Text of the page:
A little before the weekend we checked out 生肉 (Raw Meat) at Dada Beijing, a regular series which helps Beijing’s up-and-coming talent to cut their teeth and participate in the slow but steady incubation of China’s (someday) booming electronic scene. We got the impression Dada’s usuals were wiped out from New Year celebrations, which was a shame as there were some banging tunes on the go from new faces Puzzy_Stack and DJ Oops2.
The Shelter was the dance floor of choice on Friday with Raw Data ft. Christiaan Virant (of FM3), and at 30RMB it left us wondering whether pricing the duo’s show at On Stage the next day at 140RMB was justified. It was quite the spectacle, with the crowd paying a lot of attention to Virant’s dexterity. His take on Gary Numan’s Cars made us smirk, but it did take some effort to get into his set.
Word from one of our Wooozy pals on the FM3 show on Saturday:
14 years ago FM3 formed in Beijing: 14 years later, on the 4th Jan 2014, FM3 performed their new album “Listen and Say” live in Shanghai. And in order to make it a quartet of perfect 14s, they decided to price the tix at 140rmb.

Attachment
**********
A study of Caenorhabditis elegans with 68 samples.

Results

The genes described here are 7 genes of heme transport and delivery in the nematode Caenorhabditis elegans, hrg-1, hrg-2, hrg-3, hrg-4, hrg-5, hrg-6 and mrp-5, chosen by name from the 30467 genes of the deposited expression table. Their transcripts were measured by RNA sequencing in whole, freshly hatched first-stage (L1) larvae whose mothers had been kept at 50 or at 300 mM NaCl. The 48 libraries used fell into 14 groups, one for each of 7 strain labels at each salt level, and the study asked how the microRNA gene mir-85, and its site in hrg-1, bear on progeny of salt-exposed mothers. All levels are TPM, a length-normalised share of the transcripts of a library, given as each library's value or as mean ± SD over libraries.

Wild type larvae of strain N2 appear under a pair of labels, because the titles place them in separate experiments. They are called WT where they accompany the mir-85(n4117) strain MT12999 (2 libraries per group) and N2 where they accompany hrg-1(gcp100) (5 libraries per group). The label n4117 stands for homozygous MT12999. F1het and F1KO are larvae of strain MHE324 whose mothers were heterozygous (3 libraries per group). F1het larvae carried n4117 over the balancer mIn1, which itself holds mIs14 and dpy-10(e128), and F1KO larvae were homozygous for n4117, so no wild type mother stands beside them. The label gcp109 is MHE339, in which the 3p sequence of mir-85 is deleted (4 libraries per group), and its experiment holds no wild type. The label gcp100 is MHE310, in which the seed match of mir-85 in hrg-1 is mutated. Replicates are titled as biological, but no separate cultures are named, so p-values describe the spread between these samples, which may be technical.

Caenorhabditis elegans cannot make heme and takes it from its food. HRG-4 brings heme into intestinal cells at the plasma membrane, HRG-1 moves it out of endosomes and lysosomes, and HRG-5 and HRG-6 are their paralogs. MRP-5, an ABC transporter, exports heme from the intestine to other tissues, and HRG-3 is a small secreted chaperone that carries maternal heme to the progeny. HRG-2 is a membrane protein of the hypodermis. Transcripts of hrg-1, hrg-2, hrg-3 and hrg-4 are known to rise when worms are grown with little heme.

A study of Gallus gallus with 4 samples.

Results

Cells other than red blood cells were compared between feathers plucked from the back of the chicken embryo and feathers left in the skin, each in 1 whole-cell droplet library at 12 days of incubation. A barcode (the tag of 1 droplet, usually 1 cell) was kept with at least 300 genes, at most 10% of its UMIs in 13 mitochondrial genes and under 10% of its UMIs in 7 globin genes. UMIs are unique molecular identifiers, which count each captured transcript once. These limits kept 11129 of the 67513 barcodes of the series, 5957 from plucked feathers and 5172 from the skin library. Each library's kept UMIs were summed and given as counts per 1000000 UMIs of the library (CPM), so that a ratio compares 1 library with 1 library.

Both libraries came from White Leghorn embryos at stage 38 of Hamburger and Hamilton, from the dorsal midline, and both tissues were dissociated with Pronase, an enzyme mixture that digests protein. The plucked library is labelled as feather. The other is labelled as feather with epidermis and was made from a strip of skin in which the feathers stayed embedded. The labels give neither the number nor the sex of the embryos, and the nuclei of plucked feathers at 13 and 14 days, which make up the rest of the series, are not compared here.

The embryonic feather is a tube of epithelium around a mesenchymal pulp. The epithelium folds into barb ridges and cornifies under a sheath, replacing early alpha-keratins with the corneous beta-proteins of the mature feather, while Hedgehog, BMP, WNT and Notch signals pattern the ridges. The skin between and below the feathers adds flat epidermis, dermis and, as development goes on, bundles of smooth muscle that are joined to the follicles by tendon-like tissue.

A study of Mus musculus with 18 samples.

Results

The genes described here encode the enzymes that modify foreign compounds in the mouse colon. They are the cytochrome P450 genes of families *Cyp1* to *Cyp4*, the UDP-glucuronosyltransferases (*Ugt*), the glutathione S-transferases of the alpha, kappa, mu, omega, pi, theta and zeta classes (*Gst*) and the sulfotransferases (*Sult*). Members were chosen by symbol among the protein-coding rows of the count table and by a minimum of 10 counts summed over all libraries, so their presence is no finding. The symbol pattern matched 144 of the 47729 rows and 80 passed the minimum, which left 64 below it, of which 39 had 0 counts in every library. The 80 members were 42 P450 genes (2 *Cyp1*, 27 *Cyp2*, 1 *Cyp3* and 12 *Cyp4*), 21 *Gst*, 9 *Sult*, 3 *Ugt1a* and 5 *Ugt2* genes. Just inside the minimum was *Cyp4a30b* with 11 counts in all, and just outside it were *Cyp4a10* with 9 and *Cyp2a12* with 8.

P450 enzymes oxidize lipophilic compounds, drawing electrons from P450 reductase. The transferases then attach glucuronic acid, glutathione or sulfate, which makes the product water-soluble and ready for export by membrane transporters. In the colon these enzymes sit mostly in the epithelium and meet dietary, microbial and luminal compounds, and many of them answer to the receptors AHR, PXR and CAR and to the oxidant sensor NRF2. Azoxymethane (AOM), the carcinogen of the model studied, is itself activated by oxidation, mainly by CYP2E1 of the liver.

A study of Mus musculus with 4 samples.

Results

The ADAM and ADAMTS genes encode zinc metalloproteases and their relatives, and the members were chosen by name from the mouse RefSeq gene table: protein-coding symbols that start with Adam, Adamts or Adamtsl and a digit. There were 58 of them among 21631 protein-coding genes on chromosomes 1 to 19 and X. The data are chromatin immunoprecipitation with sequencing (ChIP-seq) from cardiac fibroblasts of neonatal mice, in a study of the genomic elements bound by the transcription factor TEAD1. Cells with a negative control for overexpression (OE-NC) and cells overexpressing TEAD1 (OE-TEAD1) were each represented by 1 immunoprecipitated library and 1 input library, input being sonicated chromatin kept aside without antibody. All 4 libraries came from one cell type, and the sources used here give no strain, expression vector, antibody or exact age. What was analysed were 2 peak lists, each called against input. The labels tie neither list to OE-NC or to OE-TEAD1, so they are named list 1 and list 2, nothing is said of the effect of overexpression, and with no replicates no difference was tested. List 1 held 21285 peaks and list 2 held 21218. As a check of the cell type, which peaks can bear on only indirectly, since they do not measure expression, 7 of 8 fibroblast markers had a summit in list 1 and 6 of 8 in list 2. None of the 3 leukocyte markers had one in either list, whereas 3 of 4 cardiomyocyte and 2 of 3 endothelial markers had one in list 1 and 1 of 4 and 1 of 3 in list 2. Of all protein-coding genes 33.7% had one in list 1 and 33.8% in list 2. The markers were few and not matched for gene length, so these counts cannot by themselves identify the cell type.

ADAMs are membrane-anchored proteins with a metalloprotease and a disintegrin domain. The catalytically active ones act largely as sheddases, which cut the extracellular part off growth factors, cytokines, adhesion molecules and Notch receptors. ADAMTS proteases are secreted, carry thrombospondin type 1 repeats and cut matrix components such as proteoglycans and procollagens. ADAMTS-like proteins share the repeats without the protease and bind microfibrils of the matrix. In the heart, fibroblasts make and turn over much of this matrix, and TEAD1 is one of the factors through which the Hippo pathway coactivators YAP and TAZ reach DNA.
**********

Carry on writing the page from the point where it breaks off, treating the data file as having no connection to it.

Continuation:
The decision didn’t really do them any favours; there were round 40 people including some of the bands’ friends and relatives in the venue watching them playing a heavily new classical/ambient-leaning set with visuals. The reception to the music was ok; Zhang Jian and Christian bantered throughout the set but without a mic on stage this was lost on most of the audience, which was a shame.
After the show, Zhang Jian and Christian chatted away with new and old friends, not seeming that bothered by the poor turnout. It seems attracting a big audience was never their goal for the new album after all.
photo credit : GONZO WOOOZY
Finally there was Made In Shanghai at Yuyintang.
Though it’s tempting to be critical, with this series of shows, being awesome isn’t the end game. Made In Shanghai is one of few initiatives that helps to nurture Shanghai’s next generation of rockers.
Three bands took part: VIO / HOWHY / V-Day. VIO played a predictable brand of hardcore which the three girls upfront digged. HOWHY (a play on How Why) took us by surprise opening with Funkadelic’s One Nation Under A Groove. Once they loosen up a bit and get some more originals under their belts they’ll be set. (Guitarist killed it, steamed through his solos like a funkified Eric Johnson). V-Day were a lot more polished (pretty convincing Gallagher-esque British accent going on) and have an EP under their belts already.
A bit of everything this time round. Any comments, give us a shout.